Mystery money: How to return the $1.8 billion to taxpayers

Mystery money: How to return the $1.8 billion to taxpayers

Update 4/19/24: The Senate Finance subcommittee investigating the $1.8 billion issued an interim report on Tuesday. It recommends a forensic audit of the bank account in question, legislation to make the State Auditor more independent, and a constitutional amendment to make the Treasurer an appointed position instead of being elected by voters, among other items. It also notes that the $1.8 billion has existed in a state treasury fund “without identification of agency claim and ownership since 2016.” We contend this finding strengthens the case for rebating the money to taxpayers, and that the subcommittee’s recommendations would not conflict with the proposal outlined here.  

If you have watched the news or read the local paper, you have probably heard about the recent discovery of $1.8 billion sitting in a South Carolina bank account where it shouldn’t be. And to cause more confusion, top financial officials can’t say where it came from or who has ownership.  

News broke of the mystery money in mid-February. Since then, state lawmakers have held multiple investigative hearings, including a recent six-hour meeting to question S.C. Treasurer Curtis Loftis, Comptroller General Brian Gaines, and State Auditor George Kennedy, in search of explanation.

We learned that the error began sometime during the 2010s when South Carolina transitioned to a new financial accounting system, and that the extra $1.8 billion is seemingly connected to a larger $3.5 billion accounting mistake discovered last year, which led to the resignation of then-comptroller Richard Eckstrom.

But the biggest question – who does the $1.8 billion belong to? – remains unanswered. In fact, no one, or no entity, has made a legitimate claim to it.

We propose a simple solution: unless evidence can be provided by June 30 that it has ownership elsewhere, that money belongs to taxpayers.


After a slow investigative rollout, South Carolina needs a structured plan to address the $1.8 billion in a timely and efficient manner.

The General Assembly should direct state agencies that believe they have a claim to the money to submit evidence of their share by no later than June 30. This reasonable deadline, also the last day of the fiscal year for S.C. government, would give them more than two months to gather and present records to support their case.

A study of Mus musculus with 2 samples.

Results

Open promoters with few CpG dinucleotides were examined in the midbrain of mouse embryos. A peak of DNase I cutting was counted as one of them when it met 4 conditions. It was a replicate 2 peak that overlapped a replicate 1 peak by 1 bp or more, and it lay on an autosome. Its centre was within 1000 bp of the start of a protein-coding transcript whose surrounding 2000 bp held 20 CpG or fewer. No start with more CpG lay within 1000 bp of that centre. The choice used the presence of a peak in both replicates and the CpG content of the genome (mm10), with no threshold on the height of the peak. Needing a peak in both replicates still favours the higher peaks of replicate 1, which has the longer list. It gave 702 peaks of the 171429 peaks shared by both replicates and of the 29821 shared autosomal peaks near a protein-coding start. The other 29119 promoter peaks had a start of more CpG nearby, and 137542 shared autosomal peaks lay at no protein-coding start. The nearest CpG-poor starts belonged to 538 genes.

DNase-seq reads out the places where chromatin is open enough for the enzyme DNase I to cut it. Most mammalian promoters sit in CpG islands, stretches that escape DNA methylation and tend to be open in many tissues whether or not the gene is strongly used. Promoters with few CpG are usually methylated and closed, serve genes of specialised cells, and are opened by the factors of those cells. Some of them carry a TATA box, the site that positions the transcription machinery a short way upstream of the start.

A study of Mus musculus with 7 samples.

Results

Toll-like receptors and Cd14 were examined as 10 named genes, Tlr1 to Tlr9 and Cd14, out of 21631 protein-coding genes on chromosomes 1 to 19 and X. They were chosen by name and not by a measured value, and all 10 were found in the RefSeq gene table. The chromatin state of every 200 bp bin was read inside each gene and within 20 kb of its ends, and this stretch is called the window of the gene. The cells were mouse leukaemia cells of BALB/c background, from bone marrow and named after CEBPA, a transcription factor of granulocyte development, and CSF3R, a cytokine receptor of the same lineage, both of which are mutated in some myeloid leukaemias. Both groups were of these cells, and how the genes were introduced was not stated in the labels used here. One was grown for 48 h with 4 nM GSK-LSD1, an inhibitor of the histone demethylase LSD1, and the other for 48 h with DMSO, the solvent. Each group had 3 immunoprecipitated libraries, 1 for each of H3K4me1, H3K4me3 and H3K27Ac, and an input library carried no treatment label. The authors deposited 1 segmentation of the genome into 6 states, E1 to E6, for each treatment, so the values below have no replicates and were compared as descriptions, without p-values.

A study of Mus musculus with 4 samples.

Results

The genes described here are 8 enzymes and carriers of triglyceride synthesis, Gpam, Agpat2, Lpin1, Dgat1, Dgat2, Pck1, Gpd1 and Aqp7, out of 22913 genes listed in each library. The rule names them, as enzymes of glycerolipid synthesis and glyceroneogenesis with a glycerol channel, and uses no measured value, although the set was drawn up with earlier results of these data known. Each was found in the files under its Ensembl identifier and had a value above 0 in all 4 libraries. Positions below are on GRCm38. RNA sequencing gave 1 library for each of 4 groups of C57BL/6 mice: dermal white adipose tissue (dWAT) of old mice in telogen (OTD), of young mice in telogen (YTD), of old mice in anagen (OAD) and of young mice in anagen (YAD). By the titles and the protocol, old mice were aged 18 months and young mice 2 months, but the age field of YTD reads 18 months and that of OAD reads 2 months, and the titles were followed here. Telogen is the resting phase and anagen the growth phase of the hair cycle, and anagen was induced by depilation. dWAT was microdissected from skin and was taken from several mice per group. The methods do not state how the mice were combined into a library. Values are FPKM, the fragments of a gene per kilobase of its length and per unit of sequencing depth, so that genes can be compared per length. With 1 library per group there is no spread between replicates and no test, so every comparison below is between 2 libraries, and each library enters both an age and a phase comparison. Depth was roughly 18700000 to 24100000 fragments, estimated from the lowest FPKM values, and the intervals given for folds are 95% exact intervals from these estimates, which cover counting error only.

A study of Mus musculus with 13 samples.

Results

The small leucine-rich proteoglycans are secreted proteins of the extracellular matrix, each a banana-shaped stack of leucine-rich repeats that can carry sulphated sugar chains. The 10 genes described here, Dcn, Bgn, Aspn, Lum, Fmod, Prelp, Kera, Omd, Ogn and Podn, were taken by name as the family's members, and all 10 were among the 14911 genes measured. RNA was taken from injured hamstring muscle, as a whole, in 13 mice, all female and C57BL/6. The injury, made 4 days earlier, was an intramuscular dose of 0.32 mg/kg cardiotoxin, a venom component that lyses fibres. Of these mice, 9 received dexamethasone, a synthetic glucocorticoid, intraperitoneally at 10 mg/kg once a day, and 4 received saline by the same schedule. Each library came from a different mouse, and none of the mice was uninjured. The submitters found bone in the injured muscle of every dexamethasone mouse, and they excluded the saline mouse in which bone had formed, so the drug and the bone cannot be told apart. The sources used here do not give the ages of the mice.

If, for any reason, they miss the deadline or can’t produce evidence, they forfeit all claims going forward. The remaining money (which could reasonably be most, if not all, of the $1.8 billion since no agency to date has presented evidence or publicly notified legislators of a stake in these funds) should be rebated to taxpayers.

If the Legislature is proactive and authorizes rebates before the end of session, taxpayers could see checks starting in the fall, providing much-needed relief ahead of the holidays. This could make a significant difference in covering expenses such as gifts, travel and gatherings, or simply keep more money in people’s pockets.

The good news is that we already have one option on the table. A recently filed House proposal would move the $1.8 billion into a special fund to provide one-time tax rebates. Individuals who filed a return for tax year 2023 would be eligible, with amounts varying by tax liability. As of writing, the bill has an impressive 20 legislative sponsors.

As part of a tax cut package championed by SCPC, the General Assembly in 2022 returned $1 billion in budget surplus to state taxpayers via rebates. This amounted to serious money for hardworking South Carolinians and their families, up to $800 per person, based on tax liability. In other words, the move would not be without precedent.

We contend that a similar approach for the $1.8 billion makes clear sense, allowing for even bigger rebates. If distributed along a similar formula as those in 2022, this year’s rebates could reach up to $1,440 per taxpayer!


The discovery of $1.8 billion in unclaimed state funds presents a historic opportunity for taxpayer relief. Our proposed solution, which includes setting a deadline for agency claims to be submitted and using the remaining funds for one-time rebates, offers a fair and practical way forward that can significantly benefit hardworking South Carolinians and their families.